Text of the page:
Osteopaths are qualified to help with your arthritic pain. We can divide “arthritic pain” into two categories. Usually when people talk about “arthritis” they mean osteoarthritis. This is the “wear and tear” variety, and sits in contrast to the autoimmune or inflammatory forms of arthritis.
Arthritic Pain from Osteoarthritis
Osteoarthritis or “OA” affects most people beyond middle age. Unfortunately, the common misunderstanding is that it’s just something you have to live with once you have it. However, like most conditions, its severity is variable. Early stage OA may be asymptomatic or relatively mild. Importantly, it coincides with mild changes to the joint, some of which may be reversible if caught early enough.
Arthritic pain caused by OA may start gently, with an intermittent ache after some activities. It’s possible that your first symptoms are actually away from the affected joint. The body is really good at adapting to keep you out of pain- but this can actually make the original problem worse, as well as causing issues elsewhere. Your osteopath can spot compensatory patterns caused by things like OA.
The Process of Osteoarthritis
OA is a condition of cartilage. You can think of cartilage as like a sponge: it doesn’t have a good blood supply so it needs to be squashed to squeeze out waste. When it is released, nutrients can flow back in. If there is a reason for a joint to become restricted, some of the cartilage will lose its compression and decompression. As a result, it builds up waste in this area and the tissue begins to become unhealthy.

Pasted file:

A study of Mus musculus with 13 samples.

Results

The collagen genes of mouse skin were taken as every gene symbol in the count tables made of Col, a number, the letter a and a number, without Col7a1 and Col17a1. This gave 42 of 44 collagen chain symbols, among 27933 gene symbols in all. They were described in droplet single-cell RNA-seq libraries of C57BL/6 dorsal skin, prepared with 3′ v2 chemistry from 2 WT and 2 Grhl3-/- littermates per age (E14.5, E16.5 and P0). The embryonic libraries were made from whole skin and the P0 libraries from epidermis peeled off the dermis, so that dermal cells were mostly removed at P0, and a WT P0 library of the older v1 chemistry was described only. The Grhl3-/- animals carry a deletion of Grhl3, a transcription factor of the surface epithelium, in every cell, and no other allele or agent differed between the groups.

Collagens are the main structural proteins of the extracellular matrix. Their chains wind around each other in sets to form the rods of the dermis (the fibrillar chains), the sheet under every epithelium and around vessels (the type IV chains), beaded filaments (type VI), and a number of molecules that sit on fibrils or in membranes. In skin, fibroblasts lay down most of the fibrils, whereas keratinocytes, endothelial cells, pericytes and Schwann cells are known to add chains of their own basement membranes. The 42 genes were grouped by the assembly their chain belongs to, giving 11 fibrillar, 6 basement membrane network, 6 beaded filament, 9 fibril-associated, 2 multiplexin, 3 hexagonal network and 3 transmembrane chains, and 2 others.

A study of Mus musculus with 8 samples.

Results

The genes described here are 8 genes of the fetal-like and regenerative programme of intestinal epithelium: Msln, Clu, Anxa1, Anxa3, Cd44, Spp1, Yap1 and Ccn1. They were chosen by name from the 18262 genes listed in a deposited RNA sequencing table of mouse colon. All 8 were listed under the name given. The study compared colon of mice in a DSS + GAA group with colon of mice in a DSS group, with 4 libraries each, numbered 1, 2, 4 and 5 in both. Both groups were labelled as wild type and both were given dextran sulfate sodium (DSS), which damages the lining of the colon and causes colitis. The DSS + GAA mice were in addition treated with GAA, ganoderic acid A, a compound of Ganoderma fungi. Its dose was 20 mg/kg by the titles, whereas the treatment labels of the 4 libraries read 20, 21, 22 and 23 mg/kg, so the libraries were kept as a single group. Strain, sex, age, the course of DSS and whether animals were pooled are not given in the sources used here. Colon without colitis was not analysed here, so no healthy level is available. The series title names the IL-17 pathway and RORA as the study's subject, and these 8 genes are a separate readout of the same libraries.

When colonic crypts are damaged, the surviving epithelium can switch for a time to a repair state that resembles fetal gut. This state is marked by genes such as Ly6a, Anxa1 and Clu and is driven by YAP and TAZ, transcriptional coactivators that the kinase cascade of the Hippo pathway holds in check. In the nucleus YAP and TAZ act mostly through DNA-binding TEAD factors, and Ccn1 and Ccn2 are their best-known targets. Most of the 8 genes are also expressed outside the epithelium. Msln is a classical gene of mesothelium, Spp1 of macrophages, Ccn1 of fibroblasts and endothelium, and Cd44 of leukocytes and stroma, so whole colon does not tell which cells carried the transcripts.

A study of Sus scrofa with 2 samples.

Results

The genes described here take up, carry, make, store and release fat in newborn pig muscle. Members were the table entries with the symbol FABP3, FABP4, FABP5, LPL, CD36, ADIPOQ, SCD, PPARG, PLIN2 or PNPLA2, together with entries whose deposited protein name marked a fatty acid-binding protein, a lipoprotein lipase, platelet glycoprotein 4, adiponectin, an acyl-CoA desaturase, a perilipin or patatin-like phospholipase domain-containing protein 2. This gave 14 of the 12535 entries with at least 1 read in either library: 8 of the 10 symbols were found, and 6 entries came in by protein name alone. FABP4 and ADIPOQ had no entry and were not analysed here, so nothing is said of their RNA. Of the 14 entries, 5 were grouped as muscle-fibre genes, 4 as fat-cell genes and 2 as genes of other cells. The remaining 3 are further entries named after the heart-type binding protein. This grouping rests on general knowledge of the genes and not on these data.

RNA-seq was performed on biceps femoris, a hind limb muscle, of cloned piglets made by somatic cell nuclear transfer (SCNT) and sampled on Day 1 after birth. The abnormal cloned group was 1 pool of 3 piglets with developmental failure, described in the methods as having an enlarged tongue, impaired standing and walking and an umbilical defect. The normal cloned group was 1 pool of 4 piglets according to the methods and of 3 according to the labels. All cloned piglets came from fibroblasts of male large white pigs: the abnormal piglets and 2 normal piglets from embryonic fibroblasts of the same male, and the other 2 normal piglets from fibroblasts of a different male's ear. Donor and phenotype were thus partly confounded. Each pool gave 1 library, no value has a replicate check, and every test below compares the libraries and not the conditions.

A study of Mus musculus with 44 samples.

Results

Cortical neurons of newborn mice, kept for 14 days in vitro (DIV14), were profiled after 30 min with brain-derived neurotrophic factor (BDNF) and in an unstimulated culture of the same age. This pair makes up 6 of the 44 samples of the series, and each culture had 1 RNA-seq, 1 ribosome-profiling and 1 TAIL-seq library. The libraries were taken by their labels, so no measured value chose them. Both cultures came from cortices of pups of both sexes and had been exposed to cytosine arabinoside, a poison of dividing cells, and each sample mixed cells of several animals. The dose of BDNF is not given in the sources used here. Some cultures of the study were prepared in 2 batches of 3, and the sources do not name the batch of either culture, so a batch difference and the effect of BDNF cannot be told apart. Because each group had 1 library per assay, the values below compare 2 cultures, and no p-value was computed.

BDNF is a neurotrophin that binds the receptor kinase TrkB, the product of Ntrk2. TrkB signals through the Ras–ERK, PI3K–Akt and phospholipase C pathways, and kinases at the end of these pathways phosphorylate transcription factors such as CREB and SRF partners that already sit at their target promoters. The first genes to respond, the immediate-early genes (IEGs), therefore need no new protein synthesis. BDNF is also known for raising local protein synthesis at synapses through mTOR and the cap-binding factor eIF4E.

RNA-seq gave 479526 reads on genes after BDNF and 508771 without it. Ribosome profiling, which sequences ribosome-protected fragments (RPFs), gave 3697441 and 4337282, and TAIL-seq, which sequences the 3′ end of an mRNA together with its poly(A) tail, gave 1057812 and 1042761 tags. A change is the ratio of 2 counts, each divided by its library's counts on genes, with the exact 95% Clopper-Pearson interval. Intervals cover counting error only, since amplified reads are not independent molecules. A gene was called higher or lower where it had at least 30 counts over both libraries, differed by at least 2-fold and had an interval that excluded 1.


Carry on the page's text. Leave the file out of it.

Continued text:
The body will adapt around the joint, with muscles becoming tight or weak in response to the demands placed on them. Your osteopath will work to improve the joint’s movement. Both working on the joint itself and the muscles that act on it are important. Catching and treating it early enough can mean slowing or even sometimes reversing the changes.
Late stage OA often leads to joint replacement. As the condition worsens, the cartilage diminishes, eventually reaching a point where it can’t be regenerated. Bone beneath the cartilage develops cysts, which can be painful and further degrade the quality of the joint surface.
Arthritic Pain from Inflammatory Arthritis
Although there is some inflammation in osteoarthritis, it is not it’s defining feature. Other forms of arthritis including rheumatoid arthritis (RA) and psoriatic arthritis (PA) are autoimmune, and the damage is done by inflammation itself.
Symptoms of RA can be the most obvious in the hands. RA affects small joints such as those in the neck and hands, and flares can cause deformities. Hard lumps forming on the knuckles can appear in both OA and RA, but in the latter they will have signs of inflammation initially. These are heat, pain, redness, and swelling. Alongside these, the wrists can begin to point out, known as ulnar deviation.
Because these forms of arthritis are dictated by the immune system, we can’t cure them. They might flare in response to excess activity, as well as to rest. Gentle treatment can sit in the middle ground to help with your pain. We can also help guide you to finding the right level of activity to manage your symptoms on a daily basis.